IN A NUTSHELL:
This Southern thriller feature is a debut both written and directed by Ryan Bliss and produced by 1091 Pictures. I really wanted the movie to be good because I always want first-time directors to have success. I believe we need lots of different voices "out there", showing us their new perspective. Unfortunately, it's not a great film, but it has some interesting moments.
The narrator at the beginning of the movie is a young boy who talks about a young mother on the run. It takes place in New England in the 1950s on a farm where traumatized residents from World War II now live.
In a press release sent to me by 1091 Pictures, the director explained, "Alice Fades Away" is a progressive take on a classic tale. It is about patriarchy, legacy, and death, but more importantly, it's about perseverance and strength in the face of fear and power by someone who's not allowed to have her own identity."
THINGS I LIKED:
The young mother is played by Ashley Shelton (Something, Anything). Her character is described as having empty eyes like she doesn't have a soul. Mission accomplished. I don't know if Ashley's portrayal of this shell of a woman was intentionally robotic or not, but there's absolutely no passion or energy when she's on screen.
The cast also includes William Sadler from Bill & Ted Face the Music, Paxton Singleton (The Haunting of Hill House), and Blanche Baker (Sixteen Candles).
I thought it was interesting to include all-white set pieces as a background to a certain character in some of the scenes.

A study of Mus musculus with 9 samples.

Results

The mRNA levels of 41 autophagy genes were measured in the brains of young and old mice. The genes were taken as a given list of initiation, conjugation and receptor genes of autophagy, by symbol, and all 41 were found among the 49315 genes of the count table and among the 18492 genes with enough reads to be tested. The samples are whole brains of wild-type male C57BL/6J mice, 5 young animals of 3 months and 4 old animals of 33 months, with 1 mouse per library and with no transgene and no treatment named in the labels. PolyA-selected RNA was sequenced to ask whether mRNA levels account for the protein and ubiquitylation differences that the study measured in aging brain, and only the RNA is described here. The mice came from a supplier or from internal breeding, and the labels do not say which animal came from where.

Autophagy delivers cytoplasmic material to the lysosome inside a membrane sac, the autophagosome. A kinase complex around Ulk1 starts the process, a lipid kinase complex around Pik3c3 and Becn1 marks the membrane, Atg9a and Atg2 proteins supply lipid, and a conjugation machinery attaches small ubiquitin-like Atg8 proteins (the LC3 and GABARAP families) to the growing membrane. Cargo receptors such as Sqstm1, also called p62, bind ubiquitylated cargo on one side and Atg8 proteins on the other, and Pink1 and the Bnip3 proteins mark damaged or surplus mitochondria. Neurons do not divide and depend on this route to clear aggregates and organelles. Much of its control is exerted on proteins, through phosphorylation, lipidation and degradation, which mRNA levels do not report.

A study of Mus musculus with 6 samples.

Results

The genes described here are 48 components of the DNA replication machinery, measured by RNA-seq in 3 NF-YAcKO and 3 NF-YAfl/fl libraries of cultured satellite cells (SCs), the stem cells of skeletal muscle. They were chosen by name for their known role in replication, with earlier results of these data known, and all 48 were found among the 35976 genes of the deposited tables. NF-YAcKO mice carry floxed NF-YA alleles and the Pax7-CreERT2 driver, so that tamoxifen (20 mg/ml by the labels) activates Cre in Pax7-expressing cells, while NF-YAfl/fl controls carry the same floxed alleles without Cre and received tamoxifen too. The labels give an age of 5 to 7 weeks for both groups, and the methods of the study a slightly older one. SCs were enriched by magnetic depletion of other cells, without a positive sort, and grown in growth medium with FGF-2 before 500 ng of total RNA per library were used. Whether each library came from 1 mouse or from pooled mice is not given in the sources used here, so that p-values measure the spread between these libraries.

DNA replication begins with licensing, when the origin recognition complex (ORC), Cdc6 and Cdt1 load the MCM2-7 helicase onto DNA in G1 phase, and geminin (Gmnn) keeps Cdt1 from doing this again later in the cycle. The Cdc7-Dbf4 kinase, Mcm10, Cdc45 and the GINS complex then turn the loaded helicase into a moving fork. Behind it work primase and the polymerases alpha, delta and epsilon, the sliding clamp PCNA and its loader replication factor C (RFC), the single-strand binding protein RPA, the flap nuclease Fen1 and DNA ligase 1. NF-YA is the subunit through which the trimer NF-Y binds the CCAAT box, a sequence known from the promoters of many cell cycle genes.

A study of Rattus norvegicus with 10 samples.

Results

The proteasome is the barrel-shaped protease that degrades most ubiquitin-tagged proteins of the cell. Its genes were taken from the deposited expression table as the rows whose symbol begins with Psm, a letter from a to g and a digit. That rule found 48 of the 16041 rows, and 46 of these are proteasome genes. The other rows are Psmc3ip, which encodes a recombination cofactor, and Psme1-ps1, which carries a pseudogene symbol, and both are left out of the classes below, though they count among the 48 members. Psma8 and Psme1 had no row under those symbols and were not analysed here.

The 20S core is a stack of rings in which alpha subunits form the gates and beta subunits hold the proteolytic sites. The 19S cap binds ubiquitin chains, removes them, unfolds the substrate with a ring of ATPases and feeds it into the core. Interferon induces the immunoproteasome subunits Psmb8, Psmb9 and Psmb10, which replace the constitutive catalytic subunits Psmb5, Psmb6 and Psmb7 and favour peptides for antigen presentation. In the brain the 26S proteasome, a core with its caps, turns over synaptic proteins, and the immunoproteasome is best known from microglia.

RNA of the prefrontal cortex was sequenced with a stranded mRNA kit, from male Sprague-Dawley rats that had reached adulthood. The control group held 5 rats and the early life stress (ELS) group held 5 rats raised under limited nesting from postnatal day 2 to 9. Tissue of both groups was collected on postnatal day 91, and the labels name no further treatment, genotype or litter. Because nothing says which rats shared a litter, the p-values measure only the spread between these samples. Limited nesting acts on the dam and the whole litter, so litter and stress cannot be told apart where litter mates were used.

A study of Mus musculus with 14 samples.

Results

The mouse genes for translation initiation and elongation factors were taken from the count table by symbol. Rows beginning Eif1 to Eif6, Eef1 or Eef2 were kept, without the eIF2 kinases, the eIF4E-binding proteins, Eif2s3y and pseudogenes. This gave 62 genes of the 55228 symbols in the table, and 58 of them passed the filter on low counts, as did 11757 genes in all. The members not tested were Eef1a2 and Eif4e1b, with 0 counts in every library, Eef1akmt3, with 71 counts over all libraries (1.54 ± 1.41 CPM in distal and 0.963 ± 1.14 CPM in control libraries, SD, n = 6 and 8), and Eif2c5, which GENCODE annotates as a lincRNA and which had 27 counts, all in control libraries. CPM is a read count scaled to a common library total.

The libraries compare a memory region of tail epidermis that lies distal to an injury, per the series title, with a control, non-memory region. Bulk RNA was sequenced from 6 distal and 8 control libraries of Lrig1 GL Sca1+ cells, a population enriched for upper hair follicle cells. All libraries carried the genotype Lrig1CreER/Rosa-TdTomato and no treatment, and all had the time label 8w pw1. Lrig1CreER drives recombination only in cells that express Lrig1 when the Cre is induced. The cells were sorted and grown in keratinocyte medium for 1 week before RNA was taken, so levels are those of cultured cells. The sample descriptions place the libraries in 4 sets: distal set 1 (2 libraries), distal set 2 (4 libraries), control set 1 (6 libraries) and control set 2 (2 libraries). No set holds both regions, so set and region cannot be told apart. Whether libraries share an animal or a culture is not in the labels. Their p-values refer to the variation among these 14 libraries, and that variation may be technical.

It's an effective illustration of how someone can lose their voice.
THINGS I DIDN'T LIKE:
The title makes you believe that Alice slowly faces away, but she seemed gone from the very beginning of the movie.
The timeline is fairly confusing, while the actual plot is very straightforward.
There were quite a few bad acting moments.
There were also quite a few bad singing moments.
Some scenes last way too long, which is a shame because the length of the movie is really short and so wasted time is frustrating to the viewer because they don't advance the plot.
The film utilizes intertitles that are completely unnecessary and don't provide anything new to the telling of the story.
Some of the actors look like they're acting. I felt like I was watching a movie, rather than being completely immersed in a story.
For some reason, the director thought snot running down the actors' noses meant they were really showing emotion in some of the scenes.
The set pieces look like set pieces. The costumes look like costumes. The old 1940s cars are supposed to transport us back in time but, instead, look like restored cars someone let them use for the movie.
There are some things that are just not explained at all in the story and don't make sense or have any resolution.
The time period is after World War II, but the story doesn't really spend much time exploring the survivors' experiences. That could have been interesting. We see them wandering around the house, but because we don't get to know them, we don't feel much about what happens to them. The body count just feels like bodies, rather than people we have had time to get to know.
No humor. All drama and horror.
TIPS FOR PARENTS:
Bloody images of people & animals
You see a close-up of a man stitching up a wound
Physical and emotional abuse portrayed
Identity, losing your voice
Choices and consequences
"Some people just aren't meant to be parents." - Dana (Emily Eckes)
"That scares me more than anything else now." - James (William Sadler) "What?" - Alice (Ashley Shelton) "The silence." - James (William Sadler)
"I don't know if I'm sane anymore. I don't know if anyone can know that." - Alice (Ashley Shelton)
"Something that ugly doesn't deserve to be in this world." - Alice (Ashley Shelton)
"Wishes do come true because I wished for you, and you came." - Alice (Ashley Shelton)
You can see my full review on my Movie Review Mom YouTube channel!